Subscribe Today! Please read: Readers of local content on the Herald and News website – – will require a subscription beginning today. For the first few months, non-subscribers will still be able to view 10 articles for free. If you are not already a subscriber, now is a great time to join for as little as $10/month!

William DeMeritt and Shayna Blass perform in the Oregon Shakespeare Festival production of “Indecent.”

ASHLAND — The changing mores of what is and isn’t acceptable is part of the story focus in “Indecent,” a play about the real-life drama created by a controversially “scandalous” play when it was staged in Broadway in 1932.

“Indecent,” which is among the mid-season additions at the Oregon Shakespeare Festival in Ashland, is actually a play within a play. Written by Paula Vogel and directed by Shauna Cooper, “Indecent” reprises the controversy created by the “God of Vengeance” by Sholem Asch, a Yiddish drama about an unconventional love affair, was shown on Broadway in 1923.

The story involves a Polish brothel owner who faces a personal crisis when his daughter falls in love with one of the prostitutes. It’s a tender love story, but one that created in an abundance of drama and turmoil when it moved from theaters in Europe, where it debuted in 1907 and played in many countries, to Broadway.

In Europe, Asch was appreciated as an important emerging Yiddish voice. But, as the play tells, there was concern by conservative Jews because “Vengeance” depicted things they regarded as indecent: a Jewish brothel owner who profited from selling sin, and a tender love affair between two women. Some also feared the play would feed anti-Semitism.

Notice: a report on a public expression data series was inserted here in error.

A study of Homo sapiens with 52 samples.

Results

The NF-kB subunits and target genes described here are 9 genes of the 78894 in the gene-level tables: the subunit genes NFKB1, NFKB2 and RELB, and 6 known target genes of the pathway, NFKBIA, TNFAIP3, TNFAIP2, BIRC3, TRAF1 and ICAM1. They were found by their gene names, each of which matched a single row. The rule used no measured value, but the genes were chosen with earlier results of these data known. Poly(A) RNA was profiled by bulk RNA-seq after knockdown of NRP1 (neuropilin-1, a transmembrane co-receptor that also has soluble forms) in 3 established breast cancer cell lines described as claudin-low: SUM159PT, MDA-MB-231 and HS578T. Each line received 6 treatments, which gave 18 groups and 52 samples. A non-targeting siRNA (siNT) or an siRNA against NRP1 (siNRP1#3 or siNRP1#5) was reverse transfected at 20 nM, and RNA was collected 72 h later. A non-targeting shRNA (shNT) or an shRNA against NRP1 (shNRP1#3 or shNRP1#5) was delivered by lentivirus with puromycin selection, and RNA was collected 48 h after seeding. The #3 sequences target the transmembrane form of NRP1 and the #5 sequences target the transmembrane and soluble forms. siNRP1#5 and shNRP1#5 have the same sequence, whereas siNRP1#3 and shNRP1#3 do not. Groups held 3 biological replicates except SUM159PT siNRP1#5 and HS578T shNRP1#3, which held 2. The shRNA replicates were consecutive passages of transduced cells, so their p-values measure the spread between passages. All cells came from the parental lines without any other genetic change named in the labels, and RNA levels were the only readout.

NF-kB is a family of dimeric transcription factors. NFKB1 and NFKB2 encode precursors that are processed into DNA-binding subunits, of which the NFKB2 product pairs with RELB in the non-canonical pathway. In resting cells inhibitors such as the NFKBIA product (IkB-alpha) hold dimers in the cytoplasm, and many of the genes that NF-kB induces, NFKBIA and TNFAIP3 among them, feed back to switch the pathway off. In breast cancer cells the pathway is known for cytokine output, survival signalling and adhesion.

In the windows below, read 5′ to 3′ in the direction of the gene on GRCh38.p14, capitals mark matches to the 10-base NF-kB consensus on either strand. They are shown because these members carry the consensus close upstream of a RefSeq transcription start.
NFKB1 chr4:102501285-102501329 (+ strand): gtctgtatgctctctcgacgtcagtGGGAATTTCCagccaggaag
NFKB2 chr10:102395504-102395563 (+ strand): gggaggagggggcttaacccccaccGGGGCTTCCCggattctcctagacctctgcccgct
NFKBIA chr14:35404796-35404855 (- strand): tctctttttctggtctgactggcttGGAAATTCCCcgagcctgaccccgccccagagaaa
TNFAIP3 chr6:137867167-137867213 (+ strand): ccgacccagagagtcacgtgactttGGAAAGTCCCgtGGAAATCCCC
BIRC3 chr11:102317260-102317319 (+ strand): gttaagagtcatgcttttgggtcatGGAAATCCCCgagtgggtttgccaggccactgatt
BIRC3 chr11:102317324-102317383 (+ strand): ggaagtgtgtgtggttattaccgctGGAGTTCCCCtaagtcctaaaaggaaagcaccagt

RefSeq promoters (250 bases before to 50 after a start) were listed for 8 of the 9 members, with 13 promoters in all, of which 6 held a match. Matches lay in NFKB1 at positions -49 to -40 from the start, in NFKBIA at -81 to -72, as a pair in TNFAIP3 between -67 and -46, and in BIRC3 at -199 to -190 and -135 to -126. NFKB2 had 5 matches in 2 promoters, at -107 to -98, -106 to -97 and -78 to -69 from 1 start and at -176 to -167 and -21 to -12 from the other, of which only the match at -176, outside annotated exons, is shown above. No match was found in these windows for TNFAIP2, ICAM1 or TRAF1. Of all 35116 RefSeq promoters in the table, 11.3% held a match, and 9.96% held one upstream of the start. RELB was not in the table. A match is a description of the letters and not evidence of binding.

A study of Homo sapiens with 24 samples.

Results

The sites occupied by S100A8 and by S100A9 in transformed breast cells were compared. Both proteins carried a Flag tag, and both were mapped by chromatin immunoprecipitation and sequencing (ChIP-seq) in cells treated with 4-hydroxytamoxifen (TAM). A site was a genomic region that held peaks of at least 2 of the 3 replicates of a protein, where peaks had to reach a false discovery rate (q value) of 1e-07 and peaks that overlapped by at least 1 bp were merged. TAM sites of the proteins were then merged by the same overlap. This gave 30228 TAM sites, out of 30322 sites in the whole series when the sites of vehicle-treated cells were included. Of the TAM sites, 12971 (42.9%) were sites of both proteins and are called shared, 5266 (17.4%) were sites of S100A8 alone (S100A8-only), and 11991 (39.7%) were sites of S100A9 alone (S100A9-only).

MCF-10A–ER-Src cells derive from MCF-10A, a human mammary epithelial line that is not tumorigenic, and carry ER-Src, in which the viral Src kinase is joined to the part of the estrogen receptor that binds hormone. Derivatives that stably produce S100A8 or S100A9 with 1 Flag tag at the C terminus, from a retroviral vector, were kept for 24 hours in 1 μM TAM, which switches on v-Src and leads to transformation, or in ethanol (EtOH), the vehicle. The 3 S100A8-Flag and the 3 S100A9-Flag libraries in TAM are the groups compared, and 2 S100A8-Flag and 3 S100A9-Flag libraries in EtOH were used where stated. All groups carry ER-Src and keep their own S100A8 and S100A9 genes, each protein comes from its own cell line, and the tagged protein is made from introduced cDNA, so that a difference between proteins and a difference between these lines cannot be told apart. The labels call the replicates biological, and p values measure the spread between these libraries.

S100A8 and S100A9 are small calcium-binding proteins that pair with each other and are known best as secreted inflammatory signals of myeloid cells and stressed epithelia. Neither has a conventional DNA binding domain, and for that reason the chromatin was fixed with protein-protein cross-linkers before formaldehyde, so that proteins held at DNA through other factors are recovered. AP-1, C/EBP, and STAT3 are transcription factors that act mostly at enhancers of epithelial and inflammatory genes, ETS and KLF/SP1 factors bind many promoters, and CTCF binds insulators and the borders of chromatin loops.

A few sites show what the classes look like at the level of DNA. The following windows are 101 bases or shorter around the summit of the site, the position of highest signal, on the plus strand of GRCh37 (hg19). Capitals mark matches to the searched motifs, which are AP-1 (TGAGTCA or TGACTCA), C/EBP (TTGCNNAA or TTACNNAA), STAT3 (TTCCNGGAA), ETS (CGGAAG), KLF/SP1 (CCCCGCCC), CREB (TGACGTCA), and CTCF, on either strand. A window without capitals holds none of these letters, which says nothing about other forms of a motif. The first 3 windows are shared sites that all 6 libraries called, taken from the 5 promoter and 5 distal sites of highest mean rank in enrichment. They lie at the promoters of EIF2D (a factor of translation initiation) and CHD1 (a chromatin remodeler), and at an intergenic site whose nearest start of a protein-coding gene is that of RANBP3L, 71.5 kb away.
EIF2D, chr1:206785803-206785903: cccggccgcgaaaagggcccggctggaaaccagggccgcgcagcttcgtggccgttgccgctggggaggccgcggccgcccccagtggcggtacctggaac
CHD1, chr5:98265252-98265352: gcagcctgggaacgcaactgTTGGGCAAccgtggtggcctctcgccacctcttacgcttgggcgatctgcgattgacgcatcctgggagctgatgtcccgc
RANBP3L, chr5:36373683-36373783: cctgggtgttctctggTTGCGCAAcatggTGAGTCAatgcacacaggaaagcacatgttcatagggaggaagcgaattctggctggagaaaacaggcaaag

There was little concern when the play opened in smaller venues, but once it moved to Broadway, a Rabbi filed an obscenity complaint, which resulted in the cast and company being arrested in mid-performance and charged with indecency.

Vogel follows the play’s journey from its beginnings in Poland to Broadway and beyond, or, as the program notes, “everywhere in between.” Performed in a single act, Cooper moves the play briskly, using music to set the mood and, importantly, overhead projections to translate segments of scenes spoken and songs sung in Yiddish. A musical, “Indecent” uses music, including an accordion, clarinets and a violin, and songs — some in English, others in Yiddish and German, that enhance the beautifully produced play. Likewise, the acting is strong with a cast of seven performing multiple roles.

“Indecent” is an ambitious play, variously centering on a sometimes overwhelming series of themes — the treatment of immigrants, attitudes to lesbianism, ethnicity, morality, cultural diversity, concepts of “love,” anti-Semitism, and Jewish history. It’s not told in linear fashion, but instead moves through time as it also channels the a story of a man transformed from an exuberant youth to an embittered old man. It’s a play about many things, including forgotten or, more accurately, unknown history. “Indecent” is a play that is sad, strange and wonderful, but also a powerful, emotional drama with laughter and tears.